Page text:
2 (19-ounce) cans chick peas, drained
1 teaspoon vanilla
3 tablespons honey
1 tablespoon fresh lemon juice
3 tablespoons light brown sugar
3 tablespoons white granulated sugar
zest of 1 lemon
1 teaspoon ground cinnamon
3/4 to 1 cup sugar
3 beaten eggs
3/4 cup vegetable oil
2 teaspoons vanilla
1 cup milk
5 cups flour
Vegetable oil for frying
To Make Filling:
Grind chick peas in a food processor, one can at a time, until smooth. Place puree in a bowl.
Add vanilla, honey, lemon jice, brown sugar, granulated sugar, lemon zest, and ground cinnamon.
Stir well to be sure spices are well blended.
To Make Dough:
In a large mixing bowl, combine sugar, eggs, oil, vanilla, and milk. Whisk until well blended.
Gradually stir in flour intil a soft dough forms.
Turn dough onto a lightly floured surface, and knead for about 2 minutes. Cover and set aside.
Divide dough into 4 equal parts. Working with one piece of dough at a time, roll out on a floured surface to about 1/8-inch thick.
With a 3-inch cookie cutter, or inverted glass, make as many rounds as the dough will permit.
Place one teaspoon filling into center of each circle.
Fold dough over to form a half-moon. Seal seams of dough with a fork.
With a pastry wheel, go around the edge to remove just a small amount of dough to ensure that edges are sealed. Scraps of dough can be set aside to rest and re-rolled at the end. Continue until all of the pants have been made.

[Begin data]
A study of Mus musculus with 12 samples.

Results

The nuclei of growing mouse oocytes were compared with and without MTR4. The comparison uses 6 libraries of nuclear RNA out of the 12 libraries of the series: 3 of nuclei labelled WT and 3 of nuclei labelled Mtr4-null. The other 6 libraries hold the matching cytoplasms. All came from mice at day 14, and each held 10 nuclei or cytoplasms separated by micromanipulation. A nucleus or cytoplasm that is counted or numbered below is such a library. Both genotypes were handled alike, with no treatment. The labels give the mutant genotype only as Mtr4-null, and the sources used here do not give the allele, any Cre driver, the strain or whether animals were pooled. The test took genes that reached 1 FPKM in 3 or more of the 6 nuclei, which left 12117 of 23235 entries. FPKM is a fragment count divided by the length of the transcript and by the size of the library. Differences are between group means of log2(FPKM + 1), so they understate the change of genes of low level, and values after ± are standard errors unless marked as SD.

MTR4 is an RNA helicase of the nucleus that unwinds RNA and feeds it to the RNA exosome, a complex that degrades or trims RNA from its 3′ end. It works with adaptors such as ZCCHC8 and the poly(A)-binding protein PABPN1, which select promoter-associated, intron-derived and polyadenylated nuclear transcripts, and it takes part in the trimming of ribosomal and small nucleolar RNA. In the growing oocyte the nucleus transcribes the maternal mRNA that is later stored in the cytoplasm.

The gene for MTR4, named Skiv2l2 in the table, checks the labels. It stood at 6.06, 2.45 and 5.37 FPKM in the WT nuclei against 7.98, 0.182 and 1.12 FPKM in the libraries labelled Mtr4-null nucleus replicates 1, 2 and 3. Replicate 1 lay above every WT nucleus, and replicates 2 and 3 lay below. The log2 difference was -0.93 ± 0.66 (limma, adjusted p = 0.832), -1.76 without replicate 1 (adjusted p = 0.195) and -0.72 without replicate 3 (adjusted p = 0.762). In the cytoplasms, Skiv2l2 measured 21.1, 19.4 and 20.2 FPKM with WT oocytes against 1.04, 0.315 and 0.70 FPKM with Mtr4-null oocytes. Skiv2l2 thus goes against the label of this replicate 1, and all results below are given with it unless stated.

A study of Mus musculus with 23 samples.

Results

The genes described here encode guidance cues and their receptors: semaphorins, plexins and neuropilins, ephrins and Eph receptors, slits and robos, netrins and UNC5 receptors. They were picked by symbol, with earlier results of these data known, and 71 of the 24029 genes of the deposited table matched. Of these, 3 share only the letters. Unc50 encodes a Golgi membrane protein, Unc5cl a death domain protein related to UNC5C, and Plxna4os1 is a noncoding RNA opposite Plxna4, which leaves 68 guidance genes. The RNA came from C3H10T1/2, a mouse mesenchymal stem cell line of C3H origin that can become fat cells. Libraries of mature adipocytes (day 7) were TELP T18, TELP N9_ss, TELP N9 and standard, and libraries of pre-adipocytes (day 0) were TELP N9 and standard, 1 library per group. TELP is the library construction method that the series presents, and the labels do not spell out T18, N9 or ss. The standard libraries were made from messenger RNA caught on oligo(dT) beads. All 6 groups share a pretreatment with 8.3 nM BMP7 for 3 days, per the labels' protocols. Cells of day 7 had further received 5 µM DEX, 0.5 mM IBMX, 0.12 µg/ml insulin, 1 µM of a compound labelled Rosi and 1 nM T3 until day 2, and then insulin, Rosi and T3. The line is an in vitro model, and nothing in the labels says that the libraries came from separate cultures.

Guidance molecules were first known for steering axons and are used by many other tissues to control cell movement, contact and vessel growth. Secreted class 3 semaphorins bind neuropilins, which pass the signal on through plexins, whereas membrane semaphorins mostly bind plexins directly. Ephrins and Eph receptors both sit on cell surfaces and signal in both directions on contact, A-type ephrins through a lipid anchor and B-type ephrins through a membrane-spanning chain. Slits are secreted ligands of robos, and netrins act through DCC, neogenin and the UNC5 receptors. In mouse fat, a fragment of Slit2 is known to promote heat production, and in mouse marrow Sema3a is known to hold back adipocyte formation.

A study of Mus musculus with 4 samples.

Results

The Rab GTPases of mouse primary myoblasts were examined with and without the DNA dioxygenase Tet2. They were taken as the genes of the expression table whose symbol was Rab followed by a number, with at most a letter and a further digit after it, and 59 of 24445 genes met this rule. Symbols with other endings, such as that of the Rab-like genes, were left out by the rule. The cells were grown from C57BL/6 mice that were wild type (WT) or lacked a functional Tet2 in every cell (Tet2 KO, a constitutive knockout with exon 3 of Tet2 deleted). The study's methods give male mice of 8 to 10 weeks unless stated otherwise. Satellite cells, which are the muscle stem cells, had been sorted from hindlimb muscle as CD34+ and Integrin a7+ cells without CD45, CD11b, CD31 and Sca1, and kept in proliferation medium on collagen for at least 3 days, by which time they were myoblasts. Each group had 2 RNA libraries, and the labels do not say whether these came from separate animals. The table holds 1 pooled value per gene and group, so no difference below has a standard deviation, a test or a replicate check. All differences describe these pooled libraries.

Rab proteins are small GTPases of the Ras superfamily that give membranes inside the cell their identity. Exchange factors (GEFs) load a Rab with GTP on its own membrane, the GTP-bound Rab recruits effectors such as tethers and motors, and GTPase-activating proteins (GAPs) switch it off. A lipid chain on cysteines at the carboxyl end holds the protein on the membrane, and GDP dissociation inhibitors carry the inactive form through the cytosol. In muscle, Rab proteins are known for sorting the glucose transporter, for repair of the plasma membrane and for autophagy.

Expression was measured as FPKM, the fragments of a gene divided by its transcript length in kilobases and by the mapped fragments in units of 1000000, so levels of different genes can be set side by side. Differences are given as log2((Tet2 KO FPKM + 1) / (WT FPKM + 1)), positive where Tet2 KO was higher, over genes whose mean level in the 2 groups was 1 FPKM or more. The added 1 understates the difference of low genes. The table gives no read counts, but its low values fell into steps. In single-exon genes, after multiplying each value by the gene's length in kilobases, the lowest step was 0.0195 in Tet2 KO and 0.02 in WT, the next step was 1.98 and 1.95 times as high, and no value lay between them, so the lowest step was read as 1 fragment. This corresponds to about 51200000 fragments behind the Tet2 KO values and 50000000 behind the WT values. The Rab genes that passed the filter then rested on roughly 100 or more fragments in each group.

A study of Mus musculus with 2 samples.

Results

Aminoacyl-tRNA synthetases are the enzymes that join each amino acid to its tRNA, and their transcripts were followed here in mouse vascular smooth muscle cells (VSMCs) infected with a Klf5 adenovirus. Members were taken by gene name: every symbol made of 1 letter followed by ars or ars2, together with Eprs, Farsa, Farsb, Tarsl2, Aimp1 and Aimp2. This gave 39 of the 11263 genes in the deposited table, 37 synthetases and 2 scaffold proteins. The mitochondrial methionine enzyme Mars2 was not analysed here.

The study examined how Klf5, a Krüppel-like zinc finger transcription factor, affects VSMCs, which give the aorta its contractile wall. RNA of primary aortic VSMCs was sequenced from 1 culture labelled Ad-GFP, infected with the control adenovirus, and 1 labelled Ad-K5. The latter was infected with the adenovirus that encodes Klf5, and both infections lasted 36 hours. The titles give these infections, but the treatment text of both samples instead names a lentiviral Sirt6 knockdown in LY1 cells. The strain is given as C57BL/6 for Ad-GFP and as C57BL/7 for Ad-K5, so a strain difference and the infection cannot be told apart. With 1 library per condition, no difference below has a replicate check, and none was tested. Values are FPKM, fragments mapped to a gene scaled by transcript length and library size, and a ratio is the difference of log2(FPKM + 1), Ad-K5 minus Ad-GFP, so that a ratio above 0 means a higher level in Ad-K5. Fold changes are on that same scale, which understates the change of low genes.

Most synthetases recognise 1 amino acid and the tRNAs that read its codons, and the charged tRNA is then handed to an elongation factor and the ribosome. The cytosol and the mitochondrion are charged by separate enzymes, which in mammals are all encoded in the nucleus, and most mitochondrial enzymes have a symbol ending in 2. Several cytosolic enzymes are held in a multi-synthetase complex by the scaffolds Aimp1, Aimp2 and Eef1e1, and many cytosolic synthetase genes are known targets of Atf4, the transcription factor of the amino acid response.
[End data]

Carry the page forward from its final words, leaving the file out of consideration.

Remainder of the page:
Place a medium saucepan over medium heat.
Pour in oil to a depth of about 3 inches and heat to 375 degrees F.
Fry the cavazoons in heated vegetable oil for 1 to 2 minutes, until just browned on both sides.
Remove with a slotted spoon and drain on paper towels.
YIELD: 5 dozen
This recipe was taken from Rizzi DeFabo's cookbook, "Cooking with Rizzi" (Crabtree Press, 2010) with the expressed permission of the author, an award-winning Italian-American chef and owner of "Rizzo's Malabar Inn." "Rizzo's Malabar Inn" is located in southwestern Pennsylvania (126 Rizzo Road, Crabtree, Salem Township). The food served at this restaurant, a local landmark dating back to the 1920s, reflects the culinary traditions of Abruzzo and Molise. Rizzi DeFabo notes in his cookbook that "For over a month, we prepare for the St. Joseph Feast, making 3,000 of these Molise treats to be given away. As they are made, the cavazoons are frozen to keep them at the peak of freshness. During the week of the Feast, they are placed on the festive table for our guests to enjoy. The word "Cavazoon" is dialect for Calzone, the Italian word for Pants...." Photo: Mary Melfi.